Contemplating the nature of time. As a science fiction and fantasy reader, I see time and time again the concept of time travel introduced, explored, and yearned after. But as an adult human being standing in the present, knowing that the next step, the next keystroke, the next heartbeat, all those lie in the future. There is only one way for me to reach the future, and there is no way for me to reach the past. The past is only clear by looking over my shoulder at the faulty images of memory and snapshots captured in photo and video, sometimes in written journals and lists of what happened then. I can’t go back and alter the past. I can alter the future.
The flow of time is a one-way river we’re drifting on, Oars can’t get us back upstream, but they can change our forward course. And there are currents in the river we can’t always see that dictate where we’re going. I’m not a fatalist. Fate, predestination, whatever you want to call it, I don’t believe in it. I think we do have control over what happens to us in life. I also believe that we can hand over that control, either overtly or covertly, to others. Some people like to control other people. I’ve known them, and have no desire to get into that current again. Other times it’s our own reactions that create that unseen current. If we cannot forgive, there’s a part of the stream into the future that is cut off to us.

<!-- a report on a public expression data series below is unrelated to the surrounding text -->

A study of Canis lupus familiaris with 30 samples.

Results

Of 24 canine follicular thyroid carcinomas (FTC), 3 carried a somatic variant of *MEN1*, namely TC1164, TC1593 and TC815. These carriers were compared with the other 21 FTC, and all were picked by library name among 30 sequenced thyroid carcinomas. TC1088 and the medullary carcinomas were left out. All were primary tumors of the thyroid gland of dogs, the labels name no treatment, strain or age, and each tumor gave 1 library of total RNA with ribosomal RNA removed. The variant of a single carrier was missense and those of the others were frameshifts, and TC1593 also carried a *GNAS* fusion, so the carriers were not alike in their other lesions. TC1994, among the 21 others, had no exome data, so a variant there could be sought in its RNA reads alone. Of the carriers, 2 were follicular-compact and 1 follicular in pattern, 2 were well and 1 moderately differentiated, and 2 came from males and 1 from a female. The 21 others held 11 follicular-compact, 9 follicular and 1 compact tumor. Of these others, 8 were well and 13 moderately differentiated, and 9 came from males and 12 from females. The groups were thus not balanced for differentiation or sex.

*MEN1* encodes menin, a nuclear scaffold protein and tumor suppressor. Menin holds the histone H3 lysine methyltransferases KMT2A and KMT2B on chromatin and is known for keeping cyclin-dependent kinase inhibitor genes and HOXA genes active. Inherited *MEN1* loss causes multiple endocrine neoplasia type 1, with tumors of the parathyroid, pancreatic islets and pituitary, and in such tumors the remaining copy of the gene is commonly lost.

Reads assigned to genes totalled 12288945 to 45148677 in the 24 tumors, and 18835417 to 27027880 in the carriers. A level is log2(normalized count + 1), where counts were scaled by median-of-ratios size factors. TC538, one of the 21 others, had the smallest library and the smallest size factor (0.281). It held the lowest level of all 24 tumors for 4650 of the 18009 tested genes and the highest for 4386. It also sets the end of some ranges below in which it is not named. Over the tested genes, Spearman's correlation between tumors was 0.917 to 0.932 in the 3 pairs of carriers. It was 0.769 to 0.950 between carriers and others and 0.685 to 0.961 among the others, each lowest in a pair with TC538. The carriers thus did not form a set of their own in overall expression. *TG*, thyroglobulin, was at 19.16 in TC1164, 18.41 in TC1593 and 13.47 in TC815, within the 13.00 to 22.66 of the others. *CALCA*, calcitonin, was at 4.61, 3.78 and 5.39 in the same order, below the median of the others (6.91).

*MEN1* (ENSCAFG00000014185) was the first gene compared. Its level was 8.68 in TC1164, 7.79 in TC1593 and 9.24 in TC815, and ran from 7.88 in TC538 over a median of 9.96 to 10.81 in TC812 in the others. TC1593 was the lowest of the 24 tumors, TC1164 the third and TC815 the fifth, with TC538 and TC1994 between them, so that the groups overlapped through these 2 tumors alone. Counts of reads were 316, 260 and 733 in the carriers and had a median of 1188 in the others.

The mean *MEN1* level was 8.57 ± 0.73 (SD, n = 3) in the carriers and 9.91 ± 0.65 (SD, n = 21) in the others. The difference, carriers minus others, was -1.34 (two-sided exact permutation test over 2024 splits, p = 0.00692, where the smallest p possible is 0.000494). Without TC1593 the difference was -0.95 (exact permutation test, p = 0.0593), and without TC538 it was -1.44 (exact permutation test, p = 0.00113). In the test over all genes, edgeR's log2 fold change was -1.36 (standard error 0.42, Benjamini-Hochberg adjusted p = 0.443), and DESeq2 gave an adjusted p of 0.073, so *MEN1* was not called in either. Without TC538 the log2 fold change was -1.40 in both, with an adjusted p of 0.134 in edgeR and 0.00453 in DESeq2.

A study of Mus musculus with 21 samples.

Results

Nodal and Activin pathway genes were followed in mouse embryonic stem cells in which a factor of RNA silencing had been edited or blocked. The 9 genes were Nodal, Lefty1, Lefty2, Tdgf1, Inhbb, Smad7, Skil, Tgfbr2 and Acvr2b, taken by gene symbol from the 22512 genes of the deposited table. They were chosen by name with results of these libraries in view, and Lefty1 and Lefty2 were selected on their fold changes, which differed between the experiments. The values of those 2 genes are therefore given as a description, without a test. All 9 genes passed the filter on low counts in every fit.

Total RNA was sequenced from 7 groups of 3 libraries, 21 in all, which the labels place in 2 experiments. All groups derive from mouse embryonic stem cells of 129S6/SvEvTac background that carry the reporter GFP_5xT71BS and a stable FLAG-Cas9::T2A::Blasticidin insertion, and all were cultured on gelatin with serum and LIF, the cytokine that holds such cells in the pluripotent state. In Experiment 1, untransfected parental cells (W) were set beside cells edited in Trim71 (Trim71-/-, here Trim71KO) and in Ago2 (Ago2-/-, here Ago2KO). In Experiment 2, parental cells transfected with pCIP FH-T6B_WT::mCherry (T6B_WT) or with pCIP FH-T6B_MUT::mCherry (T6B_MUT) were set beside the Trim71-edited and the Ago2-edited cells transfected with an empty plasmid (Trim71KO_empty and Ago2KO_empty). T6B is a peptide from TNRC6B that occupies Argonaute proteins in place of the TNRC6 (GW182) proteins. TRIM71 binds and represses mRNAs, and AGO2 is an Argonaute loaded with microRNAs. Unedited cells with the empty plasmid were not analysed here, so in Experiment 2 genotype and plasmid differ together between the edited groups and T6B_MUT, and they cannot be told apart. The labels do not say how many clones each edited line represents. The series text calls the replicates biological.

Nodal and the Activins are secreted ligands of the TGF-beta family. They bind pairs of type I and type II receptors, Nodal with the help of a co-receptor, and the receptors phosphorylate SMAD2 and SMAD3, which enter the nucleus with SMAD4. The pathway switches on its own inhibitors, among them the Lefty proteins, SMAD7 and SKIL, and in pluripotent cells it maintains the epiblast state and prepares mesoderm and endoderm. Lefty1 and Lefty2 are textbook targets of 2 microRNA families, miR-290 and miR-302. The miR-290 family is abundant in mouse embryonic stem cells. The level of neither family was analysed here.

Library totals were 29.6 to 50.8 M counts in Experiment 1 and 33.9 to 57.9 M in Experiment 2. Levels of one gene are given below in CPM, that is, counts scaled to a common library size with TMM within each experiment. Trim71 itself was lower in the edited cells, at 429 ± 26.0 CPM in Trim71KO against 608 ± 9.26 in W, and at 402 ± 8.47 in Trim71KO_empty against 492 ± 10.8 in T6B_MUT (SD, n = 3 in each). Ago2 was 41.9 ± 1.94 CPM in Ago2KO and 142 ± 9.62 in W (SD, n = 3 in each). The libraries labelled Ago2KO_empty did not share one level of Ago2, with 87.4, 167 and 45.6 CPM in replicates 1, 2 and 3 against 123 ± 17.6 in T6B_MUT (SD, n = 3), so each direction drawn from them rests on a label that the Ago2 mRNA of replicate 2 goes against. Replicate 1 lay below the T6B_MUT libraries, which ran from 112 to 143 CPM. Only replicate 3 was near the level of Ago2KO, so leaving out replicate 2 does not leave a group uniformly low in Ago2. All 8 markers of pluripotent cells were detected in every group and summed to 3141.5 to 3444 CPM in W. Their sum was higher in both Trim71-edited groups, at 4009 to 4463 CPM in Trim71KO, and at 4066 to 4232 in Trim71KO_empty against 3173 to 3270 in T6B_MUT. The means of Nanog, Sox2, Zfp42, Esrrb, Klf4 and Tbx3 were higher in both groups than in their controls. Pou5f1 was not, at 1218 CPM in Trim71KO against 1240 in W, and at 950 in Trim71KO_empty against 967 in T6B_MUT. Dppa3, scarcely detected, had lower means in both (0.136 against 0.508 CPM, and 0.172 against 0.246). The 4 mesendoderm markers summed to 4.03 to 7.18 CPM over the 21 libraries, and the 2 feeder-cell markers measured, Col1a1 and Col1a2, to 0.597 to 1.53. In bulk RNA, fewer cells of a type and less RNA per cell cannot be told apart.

There is, I believe, a misconception about forgiveness. For me, at least, I can forgive without forgetting the least thing. And I cannot give my trust back. Forgiveness is not about making up and making everything the way it was before. That’s not possible – or if it were, it’s a wrong and dangerous thing to do. But if we are so set against the associations we’ve made between that which (or who) hurt us, then we can close off part of our potential future to ourselves.
Which is where time machines come in. If we could go back into the past and right a wrong, would we? Should we? I have scars. Some of them are deep and painful. Would I go back and put my hand in between the child I was, and the one who was about to hurt her? Would I go back and grab my teenage self and shake her until she started thinking? I… might not. The scars are signs of how my path through what-was-future changed, and changed again. But where I am now might not have happened if I hadn’t been harmed in the first place. The resilience I learned in the past stands me in good stead here in the present. Am I saying that if I saw a child in the same place, a teen in the same place, where I was then, I wouldn’t step in and prevent them from being scarred? No. Actually, that’s part of why I write this blog. Because someone out there might be where I was in my early 20s and this might help them step away from a situation that could cripple them for years.
The thing the stream of time gives us is distance. It takes a while. A long while, in some cases. Years to gain the necessary perspective to look back at a point that left the scar, and be able to embrace the present, knowing that where we are might not have been possible if it were not for that pivotal point in the stream. We must forgive, though, or we get caught in an eddy and spin dizzy in a whirlpool, being sucked down by the very thing we can’t let go of. We’ve given that person, that event, so much weight that it’s become an anchor. Only when you let go and start looking into the future, rather than trying to invent the time machine to change the past, can you learn to navigate the stream of time and steer into the possibilities of tomorrow.